The boss of cordial manufacturer Belvoir Fruit Farms has criticised government plans to impose a sugar tax on soft drinks makers.
Pev Manners, the managing director of the £16 million turnover company set in the Vale of Belvoir, says the tax is unfair, demonises one product and will be ineffectual.
He warned the tax, which could be introduced in just two years, could hit investment, jobs and sales at the 30-year-old business, which employs 80 people.
Now he is urging the government to do a U-turn and drop the drinks levy plan.
Mr Manners said: “Part of the problem is that the tax outlined is currently very vague and so producers like Belvoir have been left in the dark as to how it will actually affect us.
“I am concerned the added cost incurred by the tax will either have to be absorbed by the business which could affect investment and in the long term possibly jobs, or we will have to add the extra cost onto the price of a bottle of Belvoir drink, which will adversely affect sales.”
To place a sugar tax on soft drinks producers alone is grossly unfair and likely to be ineffectual.Peveral Manners,
Under the plans laid out by Chancellor George Osborne in his Budget, the proposed Sugar Tax will have two bands.
Drinks containing eight grammes or more of sugar per 100 millilitres will incur a tax of eight pence a can while those of five grammes of sugar per 100 millilitres will be taxed at six pence a can.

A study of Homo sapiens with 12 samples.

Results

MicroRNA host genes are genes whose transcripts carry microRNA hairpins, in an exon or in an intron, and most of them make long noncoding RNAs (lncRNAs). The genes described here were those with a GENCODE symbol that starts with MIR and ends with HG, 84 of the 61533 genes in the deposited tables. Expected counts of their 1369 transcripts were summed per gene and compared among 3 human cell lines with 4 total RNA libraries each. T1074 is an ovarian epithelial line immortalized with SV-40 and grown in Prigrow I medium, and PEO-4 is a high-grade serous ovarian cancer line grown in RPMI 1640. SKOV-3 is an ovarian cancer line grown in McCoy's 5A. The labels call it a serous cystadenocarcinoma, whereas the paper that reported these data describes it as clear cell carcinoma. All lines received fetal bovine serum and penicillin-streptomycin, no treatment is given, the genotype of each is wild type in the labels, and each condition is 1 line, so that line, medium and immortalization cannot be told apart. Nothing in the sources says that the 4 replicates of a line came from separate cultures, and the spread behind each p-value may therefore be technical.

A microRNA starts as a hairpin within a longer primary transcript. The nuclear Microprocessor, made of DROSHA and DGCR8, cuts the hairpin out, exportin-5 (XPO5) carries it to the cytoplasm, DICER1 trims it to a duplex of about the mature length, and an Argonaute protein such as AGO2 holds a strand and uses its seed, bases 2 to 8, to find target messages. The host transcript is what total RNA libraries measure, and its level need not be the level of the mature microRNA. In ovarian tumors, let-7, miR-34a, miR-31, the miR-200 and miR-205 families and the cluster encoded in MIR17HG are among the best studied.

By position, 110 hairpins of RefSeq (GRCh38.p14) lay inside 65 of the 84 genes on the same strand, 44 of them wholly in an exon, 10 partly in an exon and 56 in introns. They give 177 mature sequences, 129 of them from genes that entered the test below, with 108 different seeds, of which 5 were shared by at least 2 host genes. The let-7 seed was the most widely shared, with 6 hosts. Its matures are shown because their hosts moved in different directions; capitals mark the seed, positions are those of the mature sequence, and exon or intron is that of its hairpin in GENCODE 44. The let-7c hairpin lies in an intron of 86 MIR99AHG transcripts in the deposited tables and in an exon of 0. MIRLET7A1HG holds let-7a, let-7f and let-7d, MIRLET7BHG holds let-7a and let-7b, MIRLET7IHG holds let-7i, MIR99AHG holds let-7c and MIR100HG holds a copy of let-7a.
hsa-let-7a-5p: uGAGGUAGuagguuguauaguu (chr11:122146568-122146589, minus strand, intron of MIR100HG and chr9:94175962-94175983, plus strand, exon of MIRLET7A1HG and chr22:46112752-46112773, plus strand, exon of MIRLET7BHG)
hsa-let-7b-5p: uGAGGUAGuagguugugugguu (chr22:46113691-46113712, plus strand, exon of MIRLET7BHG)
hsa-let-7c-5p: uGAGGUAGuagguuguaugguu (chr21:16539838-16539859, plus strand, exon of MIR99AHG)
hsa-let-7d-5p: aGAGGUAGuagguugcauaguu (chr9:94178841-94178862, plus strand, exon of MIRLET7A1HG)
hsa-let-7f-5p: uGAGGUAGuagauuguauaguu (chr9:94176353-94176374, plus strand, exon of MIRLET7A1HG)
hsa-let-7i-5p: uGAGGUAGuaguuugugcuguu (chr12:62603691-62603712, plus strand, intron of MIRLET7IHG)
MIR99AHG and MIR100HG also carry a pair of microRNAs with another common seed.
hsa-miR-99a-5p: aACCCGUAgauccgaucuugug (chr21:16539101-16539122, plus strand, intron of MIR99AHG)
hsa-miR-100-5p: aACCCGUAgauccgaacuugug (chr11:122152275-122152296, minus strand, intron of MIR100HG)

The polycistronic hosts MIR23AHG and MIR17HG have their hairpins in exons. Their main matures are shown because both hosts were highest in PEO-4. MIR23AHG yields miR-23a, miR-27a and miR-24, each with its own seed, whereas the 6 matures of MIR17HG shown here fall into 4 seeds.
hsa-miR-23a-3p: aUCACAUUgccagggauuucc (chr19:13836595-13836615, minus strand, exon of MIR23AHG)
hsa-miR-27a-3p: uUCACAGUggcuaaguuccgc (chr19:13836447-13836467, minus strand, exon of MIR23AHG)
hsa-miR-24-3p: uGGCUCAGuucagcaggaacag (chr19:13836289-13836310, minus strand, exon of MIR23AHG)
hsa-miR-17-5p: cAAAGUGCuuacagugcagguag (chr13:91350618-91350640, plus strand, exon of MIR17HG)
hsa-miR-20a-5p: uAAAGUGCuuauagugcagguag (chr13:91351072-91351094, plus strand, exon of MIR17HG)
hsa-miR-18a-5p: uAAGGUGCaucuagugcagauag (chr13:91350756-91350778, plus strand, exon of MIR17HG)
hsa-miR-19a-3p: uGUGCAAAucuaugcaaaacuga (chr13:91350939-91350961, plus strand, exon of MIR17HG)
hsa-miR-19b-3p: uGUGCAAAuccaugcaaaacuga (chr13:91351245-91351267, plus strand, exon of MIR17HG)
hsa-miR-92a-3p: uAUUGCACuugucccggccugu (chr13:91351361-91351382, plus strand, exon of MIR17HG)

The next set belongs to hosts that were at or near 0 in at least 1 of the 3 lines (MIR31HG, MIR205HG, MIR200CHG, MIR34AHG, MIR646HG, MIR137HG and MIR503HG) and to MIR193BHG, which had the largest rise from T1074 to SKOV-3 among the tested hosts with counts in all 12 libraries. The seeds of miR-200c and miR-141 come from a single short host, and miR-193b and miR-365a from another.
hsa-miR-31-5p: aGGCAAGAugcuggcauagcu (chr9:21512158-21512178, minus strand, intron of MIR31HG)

The aim of the sugar tax, says the government, is to try and tackle rising obesity levels.
But Mr Manners, whose company has produced more than 20 million bottles supplying a range of about 15 cordials and 14 pressé varieties, said: “It isn’t drinks that cause obesity.
“It is the combined effect of eating too much fatty convenience food and confectionery such as ice creams, cakes, biscuits, chocolate and sweets, with a lack of exercise.
“Drinking a soft drink which contains a reasonable amount of sugar such as in our Belvoir range, as part of a healthy diet, alongside moderate exercise does not create a weight problem.
“A singular targeting of the soft drinks industry amounts to little more than an attempt to acquire political capital whilst ignoring the real root causes of a significant societal problem.”
He added: “It is a poor overall diet, portion control in a number of food groups and lack of physical activity that is the cause and it is that, holistically, which the government should be looking at. “Demonising one specific product category alone is not the answer.
“In my opinion to place a sugar tax on soft drinks producers alone is grossly unfair and likely to be ineffectual.
The British Soft Drinks Federation is the official voice of the industry and will be leading any official lobbying on the industry’s behalf.
Mr Manners said; “I will be happy to lend my voice whenever possible to achieve a U turn on this arbitrary tax.”
Belvoir Fruit Farms also produces a range of Light drinks.
Mr Manners said: “We may need to further reformulate the Light range so they drop under the 5g per 100ml measure and avoid the tax; most of them are currently just over.
“This will obviously involve further expense.”